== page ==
A wireless local area network (WLAN) technology that conforms to the IEEE 802.11 standard. Wi-Fi is the wireless counterpart to the wired Ethernet network, which is the ubiquitous local area network (LAN) technology used in companies and homes worldwide. A Wi-Fi logo from the Wi-Fi Alliance certifies that network devices comply with the IEEE 802.11 standards.|
In the early 2000s, 802.11b became widely used, followed by 11a and 11g. The latest version is 11n (see 802.11n). Within a short time, all laptops and many handhelds came with Wi-Fi built in. Earlier laptops can be Wi-Fi enabled by plugging in an adapter via an earlier PC Card or the USB port. Although desktop computers may not be Wi-Fi equipped from the factory, a Wi-Fi USB adapter or Wi-Fi PCI card plugged into a desktop machine makes it wireless as well (a "PCI card" plugs into a slot on the motherboard inside a desktop computer; a "PC Card" plugs into an external slot on earlier laptops).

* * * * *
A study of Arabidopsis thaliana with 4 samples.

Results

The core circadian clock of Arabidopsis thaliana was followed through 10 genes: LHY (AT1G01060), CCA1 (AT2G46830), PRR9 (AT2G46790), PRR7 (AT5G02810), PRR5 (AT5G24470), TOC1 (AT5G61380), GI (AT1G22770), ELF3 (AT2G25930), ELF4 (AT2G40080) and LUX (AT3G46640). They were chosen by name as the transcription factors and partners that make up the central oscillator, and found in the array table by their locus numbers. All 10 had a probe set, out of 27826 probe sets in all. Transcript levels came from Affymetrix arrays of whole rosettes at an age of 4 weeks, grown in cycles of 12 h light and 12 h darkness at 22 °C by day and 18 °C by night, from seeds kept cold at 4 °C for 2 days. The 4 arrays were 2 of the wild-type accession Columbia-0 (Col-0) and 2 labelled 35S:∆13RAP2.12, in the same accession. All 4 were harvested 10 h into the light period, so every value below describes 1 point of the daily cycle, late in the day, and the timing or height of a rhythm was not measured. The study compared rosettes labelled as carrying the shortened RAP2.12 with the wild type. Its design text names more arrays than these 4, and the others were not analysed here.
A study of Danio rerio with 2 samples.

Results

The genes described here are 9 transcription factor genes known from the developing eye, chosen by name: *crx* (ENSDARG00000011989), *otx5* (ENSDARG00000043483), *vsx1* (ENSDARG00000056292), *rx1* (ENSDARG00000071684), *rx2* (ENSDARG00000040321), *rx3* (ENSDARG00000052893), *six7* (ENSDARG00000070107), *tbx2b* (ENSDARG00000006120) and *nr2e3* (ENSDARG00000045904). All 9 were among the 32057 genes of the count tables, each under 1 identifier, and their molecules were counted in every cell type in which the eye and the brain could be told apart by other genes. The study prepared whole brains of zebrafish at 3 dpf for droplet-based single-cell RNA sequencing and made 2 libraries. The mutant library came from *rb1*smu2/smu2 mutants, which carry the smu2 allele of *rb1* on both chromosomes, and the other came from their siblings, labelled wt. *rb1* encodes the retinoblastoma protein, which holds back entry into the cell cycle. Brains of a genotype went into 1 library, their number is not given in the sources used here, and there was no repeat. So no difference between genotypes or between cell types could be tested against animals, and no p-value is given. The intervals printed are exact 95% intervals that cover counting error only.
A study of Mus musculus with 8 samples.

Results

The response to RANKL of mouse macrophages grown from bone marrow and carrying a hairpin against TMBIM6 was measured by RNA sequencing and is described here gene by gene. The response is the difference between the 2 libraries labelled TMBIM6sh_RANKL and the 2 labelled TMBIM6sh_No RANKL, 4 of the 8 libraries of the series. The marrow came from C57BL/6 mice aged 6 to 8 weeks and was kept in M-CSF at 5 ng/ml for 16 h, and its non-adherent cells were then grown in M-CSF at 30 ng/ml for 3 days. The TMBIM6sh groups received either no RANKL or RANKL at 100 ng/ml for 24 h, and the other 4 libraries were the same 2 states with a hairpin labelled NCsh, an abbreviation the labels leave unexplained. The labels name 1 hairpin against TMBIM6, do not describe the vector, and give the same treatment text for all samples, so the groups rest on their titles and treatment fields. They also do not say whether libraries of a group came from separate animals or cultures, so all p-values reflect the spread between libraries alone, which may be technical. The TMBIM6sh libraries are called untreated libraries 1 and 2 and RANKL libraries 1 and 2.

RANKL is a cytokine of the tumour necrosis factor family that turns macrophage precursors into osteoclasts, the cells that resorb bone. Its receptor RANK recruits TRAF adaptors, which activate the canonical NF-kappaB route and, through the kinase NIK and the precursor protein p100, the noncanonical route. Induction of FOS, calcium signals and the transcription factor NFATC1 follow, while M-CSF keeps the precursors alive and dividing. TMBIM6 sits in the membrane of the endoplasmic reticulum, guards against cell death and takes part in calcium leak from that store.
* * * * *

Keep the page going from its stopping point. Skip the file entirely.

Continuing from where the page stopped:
Learn More About Wi-Fi
To know how Wi-Fi fits into a home or office network, see wireless LAN and Wi-Fi hotspot. For details about the transmission technology, see 802.11.
What's in a Name?
Wi-Fi sounds like "hi-fi" and is thus mistaken to stand for "wireless fidelity." Although the term was obviously inspired by "high-fidelity," Wi-Fi is officially just a catchy name. See Wi-Fi Direct, WiMAX, Wi-Fi Multimedia, Muni Wi-Fi, wireless mesh network and cellular vs. Wi-Fi.
Today, virtually anything can be Wi-Fi enabled. Every hour, the Remote Vision module in this Miele washing machine transmits its current status to the company via the customer's Wi-Fi network and Internet connection. In case of a problem, the operations center notifies the dealer and sends it the failed part for repair.